Climate Refugees: Risking their lives to survive

July 21, 2022
Spring rains in Central America are crucial to the growth of the corn crop, which is crucial to the Central American diet. For the last few years, the rains have either arrived in the wrong season, or sometimes not at all. Photo credit André Schütte.

By Abiola Afolayan

Right here in the United States, 150 miles from the border with Mexico, 53 migrants from Mexico, Guatemala, and Honduras died in a sealed, abandoned tractor-trailer. Their horrifying deaths last month illustrate the risks  people are forced to endure to flee their homes. 

Hunger is a reason that thousands of people in Central America have left home. Home has become unlivable, in part because climate change makes it difficult to grow enough food. Sometimes entire families leave together, while other young adults go alone or in small groups.

Extreme weather events in South and Central America are causing record high levels of displacement and mass migration, according to the World Food Programme. Nearly 8 million people  are affected in El Salvador, Guatemala, Honduras, and Nicaragua —a region also known as the “dry corridor.”

Because of conflict, climate impacts, and  effects on the global economy due to  the COVID-19 pandemic, hunger has quadrupled since 2018 in the dry corridor countries. There are now 1.7 million people in need of emergency food assistance. Of the people who responded to a 2022 UN survey, 15 percent expressed an intention to migrate — double the rate found in the same survey two years before.

Honduras, Guatemala, and Nicaragua may face food shortages due to a projected reduction in crop harvests, according to a quarterly report on hunger hotspots by FAO and WFP. Climate conditions are driving food insecurity in Guatemala, Nicaragua, and Honduras, which is expected to worsen because of below-average rains that threaten crop conditions, compounded by the socioeconomic effects of the COVID-19 pandemic. These threaten the livelihoods of smallholder farmers and other producers.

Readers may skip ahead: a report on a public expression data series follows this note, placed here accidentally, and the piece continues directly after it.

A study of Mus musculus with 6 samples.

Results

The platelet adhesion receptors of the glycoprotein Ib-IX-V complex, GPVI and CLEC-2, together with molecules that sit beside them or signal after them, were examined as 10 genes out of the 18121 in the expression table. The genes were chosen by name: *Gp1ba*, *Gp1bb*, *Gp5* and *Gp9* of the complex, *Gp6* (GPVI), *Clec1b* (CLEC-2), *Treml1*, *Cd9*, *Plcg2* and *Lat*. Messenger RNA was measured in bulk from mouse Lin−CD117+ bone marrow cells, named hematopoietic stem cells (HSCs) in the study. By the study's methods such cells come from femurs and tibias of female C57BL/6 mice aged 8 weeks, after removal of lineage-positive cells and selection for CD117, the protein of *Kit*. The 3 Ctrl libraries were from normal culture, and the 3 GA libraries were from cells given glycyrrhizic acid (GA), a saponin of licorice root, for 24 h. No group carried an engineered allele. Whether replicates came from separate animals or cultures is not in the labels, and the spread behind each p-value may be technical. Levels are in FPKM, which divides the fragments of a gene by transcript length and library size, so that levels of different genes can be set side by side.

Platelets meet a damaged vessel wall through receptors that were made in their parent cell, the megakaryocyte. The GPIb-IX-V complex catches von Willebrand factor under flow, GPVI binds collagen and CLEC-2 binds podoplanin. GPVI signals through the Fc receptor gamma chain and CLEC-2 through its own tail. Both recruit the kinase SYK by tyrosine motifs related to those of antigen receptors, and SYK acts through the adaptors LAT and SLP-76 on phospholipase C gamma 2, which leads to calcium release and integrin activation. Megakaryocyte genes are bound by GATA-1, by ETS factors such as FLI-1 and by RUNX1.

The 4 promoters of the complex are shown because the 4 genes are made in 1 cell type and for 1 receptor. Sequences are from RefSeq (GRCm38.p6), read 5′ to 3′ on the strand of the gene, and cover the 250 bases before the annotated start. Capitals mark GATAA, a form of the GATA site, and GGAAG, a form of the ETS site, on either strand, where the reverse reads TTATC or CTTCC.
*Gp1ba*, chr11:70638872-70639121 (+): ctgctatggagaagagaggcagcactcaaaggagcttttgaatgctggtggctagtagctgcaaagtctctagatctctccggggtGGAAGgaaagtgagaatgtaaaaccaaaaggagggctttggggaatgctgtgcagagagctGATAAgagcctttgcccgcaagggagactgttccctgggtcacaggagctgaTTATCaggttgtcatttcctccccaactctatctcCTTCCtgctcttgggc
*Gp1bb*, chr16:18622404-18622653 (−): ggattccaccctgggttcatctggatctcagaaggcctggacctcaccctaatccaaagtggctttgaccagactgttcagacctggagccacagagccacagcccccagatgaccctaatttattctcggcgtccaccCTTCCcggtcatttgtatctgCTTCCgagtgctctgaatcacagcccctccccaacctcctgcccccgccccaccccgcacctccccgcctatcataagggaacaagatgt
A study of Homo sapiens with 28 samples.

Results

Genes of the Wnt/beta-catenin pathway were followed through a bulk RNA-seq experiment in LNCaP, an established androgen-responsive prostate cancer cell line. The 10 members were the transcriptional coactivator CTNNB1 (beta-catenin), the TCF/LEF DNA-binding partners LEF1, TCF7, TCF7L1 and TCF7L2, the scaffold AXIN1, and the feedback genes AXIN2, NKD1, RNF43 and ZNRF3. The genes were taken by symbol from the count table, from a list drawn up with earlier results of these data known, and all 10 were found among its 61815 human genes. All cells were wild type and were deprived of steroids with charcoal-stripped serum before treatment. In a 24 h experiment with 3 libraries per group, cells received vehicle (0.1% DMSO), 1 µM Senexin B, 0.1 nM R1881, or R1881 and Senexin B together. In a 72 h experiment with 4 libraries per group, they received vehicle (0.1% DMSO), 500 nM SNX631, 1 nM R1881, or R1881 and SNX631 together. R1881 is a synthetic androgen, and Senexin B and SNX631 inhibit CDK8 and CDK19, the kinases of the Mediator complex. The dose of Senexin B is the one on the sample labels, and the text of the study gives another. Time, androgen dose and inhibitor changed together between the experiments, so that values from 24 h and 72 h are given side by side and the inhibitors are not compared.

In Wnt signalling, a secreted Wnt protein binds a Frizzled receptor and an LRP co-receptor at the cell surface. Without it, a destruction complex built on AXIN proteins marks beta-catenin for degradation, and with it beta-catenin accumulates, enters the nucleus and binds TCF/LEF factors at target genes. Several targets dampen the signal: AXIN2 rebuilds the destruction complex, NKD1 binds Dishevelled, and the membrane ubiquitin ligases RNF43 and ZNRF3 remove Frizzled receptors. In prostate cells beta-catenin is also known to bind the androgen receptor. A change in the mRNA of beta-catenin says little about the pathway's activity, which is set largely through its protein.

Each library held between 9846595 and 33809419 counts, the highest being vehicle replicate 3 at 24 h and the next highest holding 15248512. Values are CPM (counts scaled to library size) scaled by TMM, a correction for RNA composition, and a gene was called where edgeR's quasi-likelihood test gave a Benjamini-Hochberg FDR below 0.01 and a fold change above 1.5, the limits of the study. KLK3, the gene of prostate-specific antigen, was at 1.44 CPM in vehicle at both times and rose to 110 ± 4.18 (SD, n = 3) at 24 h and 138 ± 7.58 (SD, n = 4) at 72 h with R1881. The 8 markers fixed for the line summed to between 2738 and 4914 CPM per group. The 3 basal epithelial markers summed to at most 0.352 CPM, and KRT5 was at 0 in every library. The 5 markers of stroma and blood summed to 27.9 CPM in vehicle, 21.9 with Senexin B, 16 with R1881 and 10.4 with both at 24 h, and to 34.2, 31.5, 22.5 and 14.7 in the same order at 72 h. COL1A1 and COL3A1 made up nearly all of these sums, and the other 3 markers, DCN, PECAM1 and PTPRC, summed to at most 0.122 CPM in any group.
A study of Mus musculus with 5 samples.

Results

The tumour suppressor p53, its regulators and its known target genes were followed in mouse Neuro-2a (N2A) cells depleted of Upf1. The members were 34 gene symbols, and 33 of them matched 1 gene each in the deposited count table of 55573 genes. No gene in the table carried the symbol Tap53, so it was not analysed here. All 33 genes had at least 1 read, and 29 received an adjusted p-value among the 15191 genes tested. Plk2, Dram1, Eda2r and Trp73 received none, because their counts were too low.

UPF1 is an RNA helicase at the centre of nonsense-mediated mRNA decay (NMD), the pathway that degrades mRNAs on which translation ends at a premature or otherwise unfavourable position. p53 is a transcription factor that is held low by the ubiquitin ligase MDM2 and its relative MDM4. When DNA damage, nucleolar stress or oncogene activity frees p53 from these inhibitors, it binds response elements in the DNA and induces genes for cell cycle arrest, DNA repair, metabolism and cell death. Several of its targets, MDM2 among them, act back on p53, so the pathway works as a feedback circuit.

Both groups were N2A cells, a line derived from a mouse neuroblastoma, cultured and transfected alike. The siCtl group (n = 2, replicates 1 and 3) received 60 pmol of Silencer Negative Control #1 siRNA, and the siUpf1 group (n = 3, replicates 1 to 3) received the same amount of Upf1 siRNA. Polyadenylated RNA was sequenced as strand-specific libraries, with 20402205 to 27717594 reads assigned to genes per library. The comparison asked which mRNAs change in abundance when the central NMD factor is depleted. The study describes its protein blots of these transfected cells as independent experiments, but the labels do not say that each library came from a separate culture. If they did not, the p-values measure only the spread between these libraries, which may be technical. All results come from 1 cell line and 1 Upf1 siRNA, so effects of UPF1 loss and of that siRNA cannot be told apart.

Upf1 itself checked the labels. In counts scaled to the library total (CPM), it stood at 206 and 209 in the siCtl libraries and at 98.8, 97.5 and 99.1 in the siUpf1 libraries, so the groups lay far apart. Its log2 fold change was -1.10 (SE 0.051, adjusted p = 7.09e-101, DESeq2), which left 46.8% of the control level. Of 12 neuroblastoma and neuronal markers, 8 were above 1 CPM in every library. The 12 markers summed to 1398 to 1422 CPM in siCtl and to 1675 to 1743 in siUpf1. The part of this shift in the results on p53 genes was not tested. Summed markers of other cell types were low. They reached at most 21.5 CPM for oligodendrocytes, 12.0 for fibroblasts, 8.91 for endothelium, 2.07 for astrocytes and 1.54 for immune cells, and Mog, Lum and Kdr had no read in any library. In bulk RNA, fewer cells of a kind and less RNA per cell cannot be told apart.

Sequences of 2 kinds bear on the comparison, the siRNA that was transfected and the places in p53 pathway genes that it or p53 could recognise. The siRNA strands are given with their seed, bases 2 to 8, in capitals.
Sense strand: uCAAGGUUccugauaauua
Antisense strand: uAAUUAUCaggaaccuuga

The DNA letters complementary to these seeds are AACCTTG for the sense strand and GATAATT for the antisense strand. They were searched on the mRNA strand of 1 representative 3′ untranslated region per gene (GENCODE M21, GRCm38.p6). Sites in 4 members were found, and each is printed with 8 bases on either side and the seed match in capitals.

A key value of Bread for the World is upholding the inherent dignity and supporting the flourishing of every human being, all created in the image of God. We promote policies that safeguard the opportunity of each person to thrive and to access sufficient nutritious food.

One of these is the U.S. Agriculture Innovation Mission (AIM) for Climate, a new initiative aimed at increasing investments in climate action in the agriculture sector. As part of the “whole of government” plan to advance the U.S. Global Food Security Strategy, AIM for Climate should be scaled up. Honduras and Mexico were part of a coalition of 31 countries at the UN Climate Change Conference in 2021 (COP26) to launch AIM for Climate. AIM for Climate is now supported by 48 non-government partners,  including InterAction, and President Biden made a commitment to mobilize $1 billion of investment in climate-smart agriculture and food systems innovation during the period from 2021 to 2025.

AIM for Climate could engage additional Central American countries, particularly those in the dry corridor, in efforts to develop strategies to create stable livelihoods and provide other support that would give people a sustainable alternative to migration.

Abiola Afolayan is senior international policy advisor with Bread for the World.